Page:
Icebreakers are little party games designed to help people get to know and feel comfortable around one another. Some are silly, others are a little embarrassing, and others are merely informative in a light-hearted way. If chosen correctly, icebreakers can be a very powerful tool that facilitates the success of your group, meeting or party.
Despite persistent cliches, icebreakers for adults do not have to follow any particular format, and they definitely do not have to be lame. You can use pretty much any game or activity you want to break the ice before your meeting, as long as it gets people talking and smiling. Bonus points for fun icebreakers for meetings that support your cultural values!
These top activities have proven popular in meetings, training classes, and team building events. Get your participants off to a good start by using these icebreaker activities in your own workplace. What do these icebreaker activities have in common?
I'm a person that loves learning about people and, when I host parties, I'll often have some icebreaker games prepared. The trouble is, there are so few icebreaker games out there that are actually original. As a result, I've had to make them up!
Acquaintance games are always employed when a group must get to know each other at the beginning. The imagination knows no limits when it comes to that kind of games. The important thing is the goal: The members of the new group will be in various stages of knowing each other, of familiarizing one another.
Whether you are trying to get coworkers to communicate better or you just want to get everyone reacquainted at a family reunion, ice breakers help everyone get to know each other better in an informal and playful environment. Choose ice breakers that require people to talk to each other and work together to get a task done. To get people mingling and talking to each other, give half of the room a card with a subject on it and the other half a matching card that corresponds to the other cards.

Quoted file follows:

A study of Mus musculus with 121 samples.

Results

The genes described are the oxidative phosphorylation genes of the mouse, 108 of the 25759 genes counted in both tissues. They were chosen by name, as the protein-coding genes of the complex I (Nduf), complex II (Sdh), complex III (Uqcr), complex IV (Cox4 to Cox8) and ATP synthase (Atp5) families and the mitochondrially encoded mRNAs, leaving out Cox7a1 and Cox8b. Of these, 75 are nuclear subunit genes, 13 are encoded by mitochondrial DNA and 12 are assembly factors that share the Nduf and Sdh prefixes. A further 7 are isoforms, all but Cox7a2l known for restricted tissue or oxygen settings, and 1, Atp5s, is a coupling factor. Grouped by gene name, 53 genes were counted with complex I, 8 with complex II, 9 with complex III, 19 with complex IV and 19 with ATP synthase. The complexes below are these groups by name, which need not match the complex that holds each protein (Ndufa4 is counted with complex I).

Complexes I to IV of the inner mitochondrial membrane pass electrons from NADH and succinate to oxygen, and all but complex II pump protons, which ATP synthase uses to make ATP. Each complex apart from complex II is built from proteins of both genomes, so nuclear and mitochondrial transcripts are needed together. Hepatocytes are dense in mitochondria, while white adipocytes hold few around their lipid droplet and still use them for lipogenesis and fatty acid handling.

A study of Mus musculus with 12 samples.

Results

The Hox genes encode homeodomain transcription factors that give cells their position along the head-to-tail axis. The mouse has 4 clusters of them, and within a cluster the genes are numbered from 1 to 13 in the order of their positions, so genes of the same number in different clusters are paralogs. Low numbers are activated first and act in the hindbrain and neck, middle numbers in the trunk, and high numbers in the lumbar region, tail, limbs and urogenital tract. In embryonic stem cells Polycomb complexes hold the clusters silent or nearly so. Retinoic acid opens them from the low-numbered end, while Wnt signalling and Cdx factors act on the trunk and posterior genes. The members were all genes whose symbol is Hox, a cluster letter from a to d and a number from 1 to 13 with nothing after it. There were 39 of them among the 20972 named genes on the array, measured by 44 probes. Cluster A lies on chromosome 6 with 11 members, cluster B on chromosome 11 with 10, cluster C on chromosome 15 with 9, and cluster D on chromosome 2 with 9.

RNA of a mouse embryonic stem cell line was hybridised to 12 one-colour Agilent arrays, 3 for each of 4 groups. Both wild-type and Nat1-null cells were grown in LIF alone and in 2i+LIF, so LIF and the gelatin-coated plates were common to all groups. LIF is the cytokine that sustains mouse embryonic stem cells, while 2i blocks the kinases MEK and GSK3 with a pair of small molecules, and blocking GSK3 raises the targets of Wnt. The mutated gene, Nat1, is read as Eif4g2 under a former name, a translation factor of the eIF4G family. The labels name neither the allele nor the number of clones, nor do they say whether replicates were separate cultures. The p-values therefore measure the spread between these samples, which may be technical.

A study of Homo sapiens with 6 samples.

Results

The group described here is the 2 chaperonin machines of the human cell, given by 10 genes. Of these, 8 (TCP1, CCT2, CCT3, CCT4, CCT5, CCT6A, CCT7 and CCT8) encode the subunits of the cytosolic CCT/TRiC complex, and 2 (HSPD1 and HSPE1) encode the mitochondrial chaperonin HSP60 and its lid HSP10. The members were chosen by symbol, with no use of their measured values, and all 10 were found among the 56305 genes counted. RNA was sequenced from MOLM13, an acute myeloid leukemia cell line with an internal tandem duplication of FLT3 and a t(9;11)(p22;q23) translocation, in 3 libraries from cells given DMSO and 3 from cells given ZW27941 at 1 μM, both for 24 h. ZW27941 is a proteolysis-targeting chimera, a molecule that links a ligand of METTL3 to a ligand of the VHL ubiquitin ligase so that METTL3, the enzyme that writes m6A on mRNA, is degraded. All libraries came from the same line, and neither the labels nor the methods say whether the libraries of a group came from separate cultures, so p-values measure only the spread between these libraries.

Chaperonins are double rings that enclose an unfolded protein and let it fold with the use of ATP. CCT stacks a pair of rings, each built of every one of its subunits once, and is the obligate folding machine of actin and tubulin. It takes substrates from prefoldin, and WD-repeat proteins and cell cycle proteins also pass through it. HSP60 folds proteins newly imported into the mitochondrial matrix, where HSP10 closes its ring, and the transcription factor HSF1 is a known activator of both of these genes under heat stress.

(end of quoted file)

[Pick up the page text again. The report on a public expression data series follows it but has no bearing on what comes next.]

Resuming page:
The most difficult part of any event or gathering is that period at the start where no one knows one another. Especially in large groups, an uncomfortable silence can set the tone for an event that will ultimately fall flat. The best solution is to have a bit of fun that encourages people to get to know one another and facilitates them working together.
Get-acquainted games are introduced when a group meets for the first time. This can happen when a group is first established, or the first evening at camp, or by the first meeting of a class or the first school hour. Emphasis should be given to playful games to encourage the group to learn about each other. Games of contest should not be used at this point.
Icebreakers are group facilitation techniques which can help people communicate, learn more about one another, relax and enjoy themselves. They are an excellent way to foster a creative and friendly environment that is ideal for learning or collaboration. Groups of adults can really benefit from icebreakersparticularly if participants are meeting for the first time.
Adults learn better when they are comfortable with the other people in a classroom or at a conference, seminar, or party. Help them adapt by playing an ice breaker game that is fun but not silly. Ice breakers are perfect for introductions, but can also be used for lesson warm-ups and test prep. This can be truly hilarious in any group, whether the participants are team members or strangers, and especially if they are creative people.